COURTESY CITIZENS OF THE PLANET
Toni Childs is great fun to talk to … if you can catch her. She’s passionate and funny and laughs a lot. But when I try to call her at the appointed time, there’s no response. Two hours later, she calls with an apology. She’d misplaced her phone.
We chat for about 10 minutes before she remembers she’s late for a radio interview. Later that night she sends me a handful of texts apologising that she didn’t ring back.
I don’t take this slipperiness personally. Talking to Childs, you get the impression of someone whose mind is always running on ahead of the rest of us. Sentences go unfinished in a rush to chase a train of thought.
Of course, Childs has a lot on her mind. When we (finally) speak, she’s about to embark on an Australian tour in support of her recent record. But she’s already thinking about her next album, Citizens of the Planet, which will form the basis of a production quite unlike anything else she’s done.
The production certainly sounds ambitious. Even Childs has trouble explaining it. There’s talk of a giant compass, thoughts firing synapses and looking at the universe through a telescope. I want to get down to basics – will she still be singing?
“It’s all music-generated,” she says. “There’ll be a lot of visuals and some talking points.”
Childs says she’s keen to engage the audience with some big questions. “There are things I’m distressed about. When do we get that it’s a crime to sell guns to a man who’s going to put them in the hands of children? Why do we need to subjugate each other? We have to figure these things out.”
Part of the inspiration for this change in tack comes from the rapport Childs has built with her listeners. The Citizens of the Planet album was funded by her fans, through Facebook and her website. She says this support gave her the courage to go ahead and move outside her comfort zone.
“I was able to say, ‘This is what I’m doing; if you want to help me make it, you can pre-buy’.”
She seems to be enjoying this closer connection with her audience. “It gives me an opportunity to actually have a relationship with them. The thing about fame is it can be like a prison. I’ve had that experience, where you’re alone, behind this mythic wall.”
There’s certainly no shortage of fans in Australia. Childs’ records have always sold well here. In fact, she recently relocated from Hawaii to Myocum, a small town in rural New South Wales. When I ask why, she says something about being lured here by a white whale that traverses the Pacific. Again, I get a sense of someone chasing threads that remain invisible to the rest of us.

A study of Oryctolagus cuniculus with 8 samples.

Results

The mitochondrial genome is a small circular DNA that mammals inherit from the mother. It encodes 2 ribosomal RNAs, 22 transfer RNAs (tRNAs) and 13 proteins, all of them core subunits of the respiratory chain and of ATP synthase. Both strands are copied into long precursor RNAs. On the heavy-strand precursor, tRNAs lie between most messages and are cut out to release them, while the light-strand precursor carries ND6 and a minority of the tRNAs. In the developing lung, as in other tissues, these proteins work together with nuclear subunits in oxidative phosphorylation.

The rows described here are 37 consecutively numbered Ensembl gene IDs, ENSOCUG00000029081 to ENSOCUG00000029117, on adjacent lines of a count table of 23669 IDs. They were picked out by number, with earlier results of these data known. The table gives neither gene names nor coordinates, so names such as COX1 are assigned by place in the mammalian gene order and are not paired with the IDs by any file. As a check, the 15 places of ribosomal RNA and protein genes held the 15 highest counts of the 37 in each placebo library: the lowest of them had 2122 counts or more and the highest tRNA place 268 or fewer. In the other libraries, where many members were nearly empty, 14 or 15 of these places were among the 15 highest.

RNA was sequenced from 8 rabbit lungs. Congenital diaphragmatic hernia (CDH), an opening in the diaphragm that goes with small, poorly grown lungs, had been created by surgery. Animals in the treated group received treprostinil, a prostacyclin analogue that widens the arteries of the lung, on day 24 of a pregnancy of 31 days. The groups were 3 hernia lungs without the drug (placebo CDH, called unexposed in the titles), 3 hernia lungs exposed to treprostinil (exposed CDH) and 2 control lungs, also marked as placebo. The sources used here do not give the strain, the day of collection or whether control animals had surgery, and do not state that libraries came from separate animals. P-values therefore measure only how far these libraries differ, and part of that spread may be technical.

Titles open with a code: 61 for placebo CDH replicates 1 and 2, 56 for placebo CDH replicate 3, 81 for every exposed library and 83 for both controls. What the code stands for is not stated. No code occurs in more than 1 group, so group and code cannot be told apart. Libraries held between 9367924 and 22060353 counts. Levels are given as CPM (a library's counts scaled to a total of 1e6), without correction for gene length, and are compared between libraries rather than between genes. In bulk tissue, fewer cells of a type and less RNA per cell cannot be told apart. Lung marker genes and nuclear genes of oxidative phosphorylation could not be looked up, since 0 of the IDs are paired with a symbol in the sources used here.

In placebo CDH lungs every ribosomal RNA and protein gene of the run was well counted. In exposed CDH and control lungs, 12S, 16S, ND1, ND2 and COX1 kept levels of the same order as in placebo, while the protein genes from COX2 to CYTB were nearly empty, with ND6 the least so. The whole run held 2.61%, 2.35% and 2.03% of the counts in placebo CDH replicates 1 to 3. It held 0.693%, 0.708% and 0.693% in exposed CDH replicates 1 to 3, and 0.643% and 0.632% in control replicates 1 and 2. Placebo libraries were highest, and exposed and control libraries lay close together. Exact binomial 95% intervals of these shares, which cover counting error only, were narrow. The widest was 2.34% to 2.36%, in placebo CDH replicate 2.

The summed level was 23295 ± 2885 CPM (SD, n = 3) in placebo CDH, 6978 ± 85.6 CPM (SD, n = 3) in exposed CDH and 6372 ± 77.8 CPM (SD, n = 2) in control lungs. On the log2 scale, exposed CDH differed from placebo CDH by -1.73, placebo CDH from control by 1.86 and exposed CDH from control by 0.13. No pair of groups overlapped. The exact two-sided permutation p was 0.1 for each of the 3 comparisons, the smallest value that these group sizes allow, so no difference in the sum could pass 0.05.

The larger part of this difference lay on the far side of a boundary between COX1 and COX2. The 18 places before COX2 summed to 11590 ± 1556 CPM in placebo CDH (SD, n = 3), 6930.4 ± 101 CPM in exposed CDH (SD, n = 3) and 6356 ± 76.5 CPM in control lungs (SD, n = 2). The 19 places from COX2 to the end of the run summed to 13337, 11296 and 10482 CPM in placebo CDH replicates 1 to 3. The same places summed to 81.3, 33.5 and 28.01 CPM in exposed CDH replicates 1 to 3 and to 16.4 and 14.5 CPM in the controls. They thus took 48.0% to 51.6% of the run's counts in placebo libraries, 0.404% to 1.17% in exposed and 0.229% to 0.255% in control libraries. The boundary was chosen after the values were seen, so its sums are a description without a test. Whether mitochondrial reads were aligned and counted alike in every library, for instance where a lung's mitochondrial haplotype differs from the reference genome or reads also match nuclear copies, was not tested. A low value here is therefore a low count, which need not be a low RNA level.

Another deciding factor was her marrying an Australian in January. It isn’t hard to spot some divine intervention. The pair met on a plane grounded by a bolt of lightning.
“We made a real connection on that flight. I was sitting in his seat, because they’d changed mine at the last minute. He looked like he played something, so I asked him what, and that kind of opened the door.”
She pauses. “Plus he had a really great ass.”
Childs’ life story has always had a sense of the mythic. She was raised in an ultra-religious family, cut off from popular culture, then ran away at 15 to become a blues musician. She had already discovered her incredible voice, which seemed to arrive fully formed, like a gift from the gods.
“I wanted it to be mine and nobody else’s. It was the one thing that I could own, that nobody could take away from me. I remember the reaction was so strong from people. I was 15, a young peanut, and they said I sounded like a 90-year-old black woman.”
Childs’ 1988 album Union was a smash hit, kicking off an award-winning, chart-conquering career. But in 1997, a Graves’ disease diagnosis saw her disappear from the pop world for more than a decade. It’s only in the past few years that she has again ventured out on the road. As usual, Childs is polishing the silver lining. “It allowed me to refuel. I had the time to reflect so (Citizens of the Planet) could be born. There’s so many things that start to feel fated; you feel like the wind is with you when you’re creating. It doesn’t mean that it’s easy. I want to live my life with elegance and ease, and that means planning; it means having the right people around you.”
Citizens of the Planet will take to the stage next year. In the meantime, Childs is looking forward to getting back on the road with her band.
“I love it. When I finish a tour, I feel like I could just keep going. You let go of everything else.”
Toni Childs plays Doncaster Shoppingtown Hotel onAugust 31 and Thornbury Theatre on September 1.